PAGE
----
The latest Medicare Trustees Report foresees a troubled future for the federal program and estimates its insolvency in less than a decade.

Medicare Board of Trustees report expects trust depletion.

Source: Thinkstock

By Thomas Beaton

- The Medicare Board of Trustees (MBT)’s latest report anticipates that Medicare’s Hospital Insurance (HI) Trust Fund will deplete by the year 2026 as Medicare spending continues to outgrow the trust’s collective revenues.

The HI Trust Fund is financed through payroll taxes and additional revenues through Social Security benefits. CMS Chief Actuary Paul Spitalnic told attendees during an American Enterprise Institute (AEI) event that the HI Fund will deplete in the next eight years as the fund’s income streams weaken to a point where it can no longer cover beneficiary care costs.

Spitalnic reiterated the MBT’s predictions that the HI is in danger of running out of funds because of gradual decreases in tax incomes, which cover Medicare’s Part A benefit costs.

Between 2017 and 2018, incomes for the HI fund fell by 6 percent, from $306 billion to $299 billion while its expenditures increased by $1 billion to $296 billion in 2018. In addition, the HI’s $10 billion surplus fell by $7 billion in 2018.

MBT estimates that the HI Fund’s income growth rate is expected to be only half of Medicare’s cost growth. Stiplanic told attendees at the AEI event that higher revenues from sources such as payroll tax increases will likely be necessary to cover Part A expenses.


Spitalnic briefly mentioned that the repeal of the Affordable Care Act’s individual mandate would likely exacerbate care costs under Part A.

“A repeal of the individual mandate is expected to lead to a higher number of uninsured and will result in a higher number of uncompensated payments to hospitals,” he added.

MBT’s new income and spending projections indicate that the HI is depleting at a faster rate than previously expected. In 2017, CMS and MBT estimated that the HI would run out of funds by the year 2029 because of new policies that limit prescriptions and inpatient spending totals.

However, there were a few bright spots in the MBT’s report related to the financial stability of the Supplemental Medical Insurance (SMI) Trust Fund and Part D spending.


Incomes for the SMI Part D fund increased from $98 billion in 2017 to 100.2 billion in 2018. In addition, SMI’s Part B incomes grew from $302 billion in 2017 to $305 billion for the current year.

CMS also issued a press release explaining that Part D spending is likely to decrease in the future. MBT estimates that higher pharmaceutical manufacturer rebates, a decline in spending for Hepatitis C drugs, and a slowdown in spending growth for diabetes drugs will lead to lower Part D costs.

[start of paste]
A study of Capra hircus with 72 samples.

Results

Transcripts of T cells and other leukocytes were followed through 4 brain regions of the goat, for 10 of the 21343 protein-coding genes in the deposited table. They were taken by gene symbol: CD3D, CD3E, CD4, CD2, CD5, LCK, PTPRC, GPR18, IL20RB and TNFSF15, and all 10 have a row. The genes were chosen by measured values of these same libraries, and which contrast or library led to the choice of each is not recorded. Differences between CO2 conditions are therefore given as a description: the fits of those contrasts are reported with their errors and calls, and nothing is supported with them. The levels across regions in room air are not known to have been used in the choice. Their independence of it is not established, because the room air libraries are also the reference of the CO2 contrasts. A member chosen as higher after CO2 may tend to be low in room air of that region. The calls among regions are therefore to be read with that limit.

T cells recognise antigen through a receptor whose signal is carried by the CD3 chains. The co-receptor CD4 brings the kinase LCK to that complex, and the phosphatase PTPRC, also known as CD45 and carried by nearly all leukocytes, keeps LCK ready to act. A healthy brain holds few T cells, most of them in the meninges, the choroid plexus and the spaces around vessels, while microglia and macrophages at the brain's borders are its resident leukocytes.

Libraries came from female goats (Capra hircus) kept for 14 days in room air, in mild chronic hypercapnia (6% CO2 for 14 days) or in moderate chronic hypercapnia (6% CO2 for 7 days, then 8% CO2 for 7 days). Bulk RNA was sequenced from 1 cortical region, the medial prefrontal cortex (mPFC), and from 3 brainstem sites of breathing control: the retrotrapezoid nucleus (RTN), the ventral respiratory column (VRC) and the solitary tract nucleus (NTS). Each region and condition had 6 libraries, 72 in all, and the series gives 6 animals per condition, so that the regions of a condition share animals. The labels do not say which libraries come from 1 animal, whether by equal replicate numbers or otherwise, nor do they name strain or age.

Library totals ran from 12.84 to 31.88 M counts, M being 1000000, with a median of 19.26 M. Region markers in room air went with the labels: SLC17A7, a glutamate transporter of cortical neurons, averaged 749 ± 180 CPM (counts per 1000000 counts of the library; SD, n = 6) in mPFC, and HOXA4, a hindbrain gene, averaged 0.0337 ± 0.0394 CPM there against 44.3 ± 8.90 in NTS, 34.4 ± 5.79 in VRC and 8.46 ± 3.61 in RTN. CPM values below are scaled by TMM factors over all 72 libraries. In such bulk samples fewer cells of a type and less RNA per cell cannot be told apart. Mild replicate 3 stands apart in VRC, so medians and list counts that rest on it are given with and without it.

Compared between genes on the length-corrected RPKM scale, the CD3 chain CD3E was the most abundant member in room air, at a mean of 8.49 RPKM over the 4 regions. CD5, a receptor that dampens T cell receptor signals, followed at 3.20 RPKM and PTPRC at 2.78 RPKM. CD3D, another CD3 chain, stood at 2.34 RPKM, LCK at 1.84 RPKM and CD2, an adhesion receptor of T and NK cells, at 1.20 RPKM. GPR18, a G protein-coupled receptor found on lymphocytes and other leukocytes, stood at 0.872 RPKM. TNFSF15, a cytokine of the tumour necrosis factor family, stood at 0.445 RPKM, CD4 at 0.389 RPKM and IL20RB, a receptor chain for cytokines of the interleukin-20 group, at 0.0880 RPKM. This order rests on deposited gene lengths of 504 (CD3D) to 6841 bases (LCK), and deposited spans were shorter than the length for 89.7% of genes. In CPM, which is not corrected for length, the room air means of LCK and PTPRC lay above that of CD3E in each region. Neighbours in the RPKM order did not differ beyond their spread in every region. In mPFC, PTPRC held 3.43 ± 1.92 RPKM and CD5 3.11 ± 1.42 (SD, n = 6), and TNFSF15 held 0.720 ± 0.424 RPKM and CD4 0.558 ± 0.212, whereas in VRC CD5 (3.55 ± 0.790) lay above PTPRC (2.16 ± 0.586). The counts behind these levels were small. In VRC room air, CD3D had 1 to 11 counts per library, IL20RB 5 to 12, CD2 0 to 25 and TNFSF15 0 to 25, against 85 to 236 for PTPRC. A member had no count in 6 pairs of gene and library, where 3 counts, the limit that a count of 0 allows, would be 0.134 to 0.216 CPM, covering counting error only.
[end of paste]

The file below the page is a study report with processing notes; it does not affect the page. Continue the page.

MBT concluded that the SMI’s Part B and D funds are one of Medicare’s most secure financial channels, but will likely need to increase in future years.

“The Part B and Part D accounts in the SMI trust fund are expected to be adequately financed because premium income and general revenue income are reset each year to cover expected costs. Such financing, however, would have to increase faster than the economy to cover expected expenditure growth.”


In 2017, Medicare covered 58 million beneficiaries and spent a total of $710.2 billion to cover services across all of Medicare. That year, Medicare’s total revenues only reached $705.1 billion.

Medicare’s spending factors also continue to shift, Spitalnic explained, since the program has gradually moved from primarily covering inpatient costs to a broader range of services.

Over a 40-year period, the majority of Medicare spending has moved from inpatient spending to managed care organization spending. According to Stipalnic, Medicare spending factors will continue to shift in the future as other healthcare services increase in utilization within the Medicare ecosystem.

MBT called for Congressional lawmakers to address the depletion of the HI Fund as well as the exponential growth of Medicare’s total spending, warning Medicare could experience catastrophic financial outcomes without new reforms.

“Consideration of further reforms should occur in the near future. The sooner solutions are enacted, the more flexible and gradual they can be,” MBT said.

“Moreover, the early introduction of reforms increases the time available for affected individuals and organizations—including health care providers, beneficiaries, and taxpayers—to adjust their expectations and behavior.”